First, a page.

A migrant checks is cellular phone as other sleep on the deck of the Open Arms aid boat, of Proactiva Open Arms Spanish NGO, Sunday, July 1, 2018.   -   Copyright  AP Photo/Olmo Calvo   -   Olmo Calvo

Daouda is an asylum seeker in Lyon. His main use of a smartphone is to locate prefectures or asylum reception centres, such as Forum Refugiés. "It is important because I do not know the city," he told Euronews.

It was in a mobile phone store that he was advised to use a Lycamobile chip, an operator among those widely used by migrants.

"The smartphone is easier than asking people for directions. Some refuse to answer or others send me to the wrong place. With GPS, you are fine."

Daouda uses IMO — voice over IP (VOIP) application that allows users to make audio or video calls — to stay in touch with his wife.

Lyon is also the home city of Alpil, an association supporting "people in great difficulty with housing or accommodation". Coline Goosens works as a project manager and told Euronews that a large part of the public she welcomes "no longer uses a computer, for various reasons: they cannot afford it, are hosted by third parties, in squats or in precarious housing."

Smartphones then become the most favorite tool for administrative procedures, but also for being in contact with social landlords, lawyers, mentoring associations or social workers. Migrants also use them to scan administrative documents.

How migrants and refugees can use smartphones

Katja Kaufman is a post-doctorate specialist in mobile technology use at the University of Innsbruck in Austria. She studied the use of mobile phones by Syrian refugees in Vienna in 2018.

As refugees, they must both "navigate and establish themselves in a foreign environment while being constantly engaged in a multitude of transnational digital conversations with family, friends and home communities," she explains.

In interviews with refugees, she asked them to name the five apps that matter most to them. Facebook, WhatsApp, the Viennese application for public transport, Google Maps and Google Translate were those often quoted.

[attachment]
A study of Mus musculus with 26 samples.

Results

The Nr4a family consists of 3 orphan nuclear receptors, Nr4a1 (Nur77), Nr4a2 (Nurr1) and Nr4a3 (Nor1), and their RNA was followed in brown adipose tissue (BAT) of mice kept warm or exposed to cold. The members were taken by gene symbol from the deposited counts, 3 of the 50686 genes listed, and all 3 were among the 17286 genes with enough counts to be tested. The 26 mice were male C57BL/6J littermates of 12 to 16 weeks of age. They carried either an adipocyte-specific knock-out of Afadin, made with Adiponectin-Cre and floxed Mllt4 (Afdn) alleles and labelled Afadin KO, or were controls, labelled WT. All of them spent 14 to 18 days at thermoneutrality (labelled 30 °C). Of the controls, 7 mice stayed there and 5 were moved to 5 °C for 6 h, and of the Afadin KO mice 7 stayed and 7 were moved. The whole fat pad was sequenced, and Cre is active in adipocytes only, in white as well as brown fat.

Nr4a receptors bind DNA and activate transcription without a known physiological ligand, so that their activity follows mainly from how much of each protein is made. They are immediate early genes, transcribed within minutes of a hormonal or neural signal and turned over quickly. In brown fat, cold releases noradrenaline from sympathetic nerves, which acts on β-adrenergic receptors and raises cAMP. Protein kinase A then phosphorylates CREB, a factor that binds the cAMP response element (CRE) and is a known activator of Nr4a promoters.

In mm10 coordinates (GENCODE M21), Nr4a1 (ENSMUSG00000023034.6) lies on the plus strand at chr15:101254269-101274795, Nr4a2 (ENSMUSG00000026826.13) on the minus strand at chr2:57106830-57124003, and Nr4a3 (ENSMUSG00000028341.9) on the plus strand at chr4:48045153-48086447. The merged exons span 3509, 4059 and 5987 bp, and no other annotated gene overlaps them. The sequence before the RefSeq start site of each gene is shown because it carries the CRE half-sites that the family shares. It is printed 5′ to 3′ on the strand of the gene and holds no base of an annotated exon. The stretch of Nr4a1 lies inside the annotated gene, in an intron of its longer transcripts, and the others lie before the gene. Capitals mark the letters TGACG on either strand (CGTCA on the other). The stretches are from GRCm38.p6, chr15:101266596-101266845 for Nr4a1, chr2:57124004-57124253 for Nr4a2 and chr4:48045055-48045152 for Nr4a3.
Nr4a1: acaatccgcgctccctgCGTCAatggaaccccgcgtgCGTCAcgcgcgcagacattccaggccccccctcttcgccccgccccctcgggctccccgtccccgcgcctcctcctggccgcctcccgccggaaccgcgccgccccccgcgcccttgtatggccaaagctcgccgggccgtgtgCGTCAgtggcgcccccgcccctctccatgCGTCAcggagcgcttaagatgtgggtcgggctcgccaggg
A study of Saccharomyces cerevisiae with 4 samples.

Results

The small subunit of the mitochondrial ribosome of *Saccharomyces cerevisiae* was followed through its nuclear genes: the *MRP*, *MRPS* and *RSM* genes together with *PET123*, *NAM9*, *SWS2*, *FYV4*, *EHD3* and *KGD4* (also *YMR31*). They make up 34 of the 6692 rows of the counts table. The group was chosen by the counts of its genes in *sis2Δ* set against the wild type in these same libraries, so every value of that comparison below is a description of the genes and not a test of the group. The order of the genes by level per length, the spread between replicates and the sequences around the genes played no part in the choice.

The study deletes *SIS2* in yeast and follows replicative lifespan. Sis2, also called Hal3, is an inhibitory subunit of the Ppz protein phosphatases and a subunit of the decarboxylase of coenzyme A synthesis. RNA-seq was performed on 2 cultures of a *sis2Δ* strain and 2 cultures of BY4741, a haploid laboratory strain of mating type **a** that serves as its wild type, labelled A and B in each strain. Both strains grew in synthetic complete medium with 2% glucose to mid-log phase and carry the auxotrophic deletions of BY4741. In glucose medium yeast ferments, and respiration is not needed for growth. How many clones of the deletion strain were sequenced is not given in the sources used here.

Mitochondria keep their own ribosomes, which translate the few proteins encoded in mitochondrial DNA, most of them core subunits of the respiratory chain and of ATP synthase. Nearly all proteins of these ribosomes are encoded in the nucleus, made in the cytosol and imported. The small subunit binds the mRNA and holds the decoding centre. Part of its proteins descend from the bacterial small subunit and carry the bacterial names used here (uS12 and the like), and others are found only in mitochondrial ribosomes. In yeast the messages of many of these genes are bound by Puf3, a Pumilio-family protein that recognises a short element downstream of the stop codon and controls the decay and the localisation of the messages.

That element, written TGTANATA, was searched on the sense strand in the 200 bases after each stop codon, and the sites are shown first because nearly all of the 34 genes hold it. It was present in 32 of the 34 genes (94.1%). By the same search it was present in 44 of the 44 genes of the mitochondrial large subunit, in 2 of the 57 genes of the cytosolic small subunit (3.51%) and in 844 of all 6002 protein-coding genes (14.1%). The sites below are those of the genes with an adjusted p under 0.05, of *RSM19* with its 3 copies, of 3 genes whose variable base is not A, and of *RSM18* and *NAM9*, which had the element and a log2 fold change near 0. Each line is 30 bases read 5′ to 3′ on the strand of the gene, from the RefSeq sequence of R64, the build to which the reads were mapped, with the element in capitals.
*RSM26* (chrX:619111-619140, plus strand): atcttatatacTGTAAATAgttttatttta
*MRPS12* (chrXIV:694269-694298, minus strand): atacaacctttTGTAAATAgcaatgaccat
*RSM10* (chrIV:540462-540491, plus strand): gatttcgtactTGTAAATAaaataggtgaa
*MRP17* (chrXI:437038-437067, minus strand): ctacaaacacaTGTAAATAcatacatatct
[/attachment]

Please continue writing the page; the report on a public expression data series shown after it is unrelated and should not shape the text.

Kaufman also noted that "among the approximately 90 different applications and functions mentioned, none had been specifically designed for immigrants or refugees."

The most often used apps? Facebook, WhatsApp, the Viennese app for public transport, Google Maps and Google Translate.
Katja Kaufman
Doctor at University of Innsbruck, Austria

The study classifies their uses in four categories:

  • To orient yourself geographically: the smartphone GPS has "proved to be extremely useful in the difficult situation combining the lack of local knowledge and the lack of command of the language". Even if this implies fewer interactions with people.
  • To learn the language and for daily translations: via translating services or online dictionaries and video tutorials.

  • To access information and assistance services, whether to follow the news or find some information necessary to navigate in their new environment.

  • To keep in touch with family at home, so much so that "being online on messaging applications such as WhatsApp is considered by the family as synonymous with physical well-being," Kaufman noted. Therefore, most of the people interviewed in the study said that they never signed out.

AP Photo/Amel Emric
A migrant from Pakistan talks on the phone in the park across from The City Hall, in Sarajevo, Bosnia, Thursday, May 17, 2018.AP Photo/Amel Emric

Smartphones not always the best answer

Transactions without a phone number or email address are practically impossible, explained Goosens. But there is a perverse effect: "It becomes complicated to do additional tasks using another medium, on computers in particular, because identifiers and passwords are saved in their phone."

The situation can become more critical when phones are stolen, as it is "their only tool for the administrative procedures and it contains all their personal information."

The uses — often crucial, sometimes vital — are not without consequences. The refugees interviewed by Kaufman in Vienna have developed, according to the study, "not only a strong emotional attachment to their smartphones, but also a technical and material dependence."

Almost all have a charger with them at all times. Mouhamad, one of the Syrians questioned explains: "I could not imagine life here without a smartphone ... there is nothing to use as an alternative."

Euronews has also contacted Dr Isabel Awad, associate professor at the Erasmus University of Rotterdam. In a study she compiled, Syrian refugees discuss the limits of the concept of "connected refugees," when it comes to integrating themselves, finding a job and so on.

Constant contact with home create a feeling of helplessness in the new country, or even distress among migrants in Europe.

One of the Syrians who took part in the study explained: "It is very painful to communicate with my family because you have the same story, the same story of despair."

For another: "I am talking to my family and the news still looks like 'Uh ... this person was killed, this person was kidnapped.'"

Awad explained to Euronews that she wanted to explore beyond the discourse of smartphones as a useful "survival tool" for migrants, and was also responding to anti-migrant tropes that see smartphones as a luxury item that somehow undermine their claims of asylum.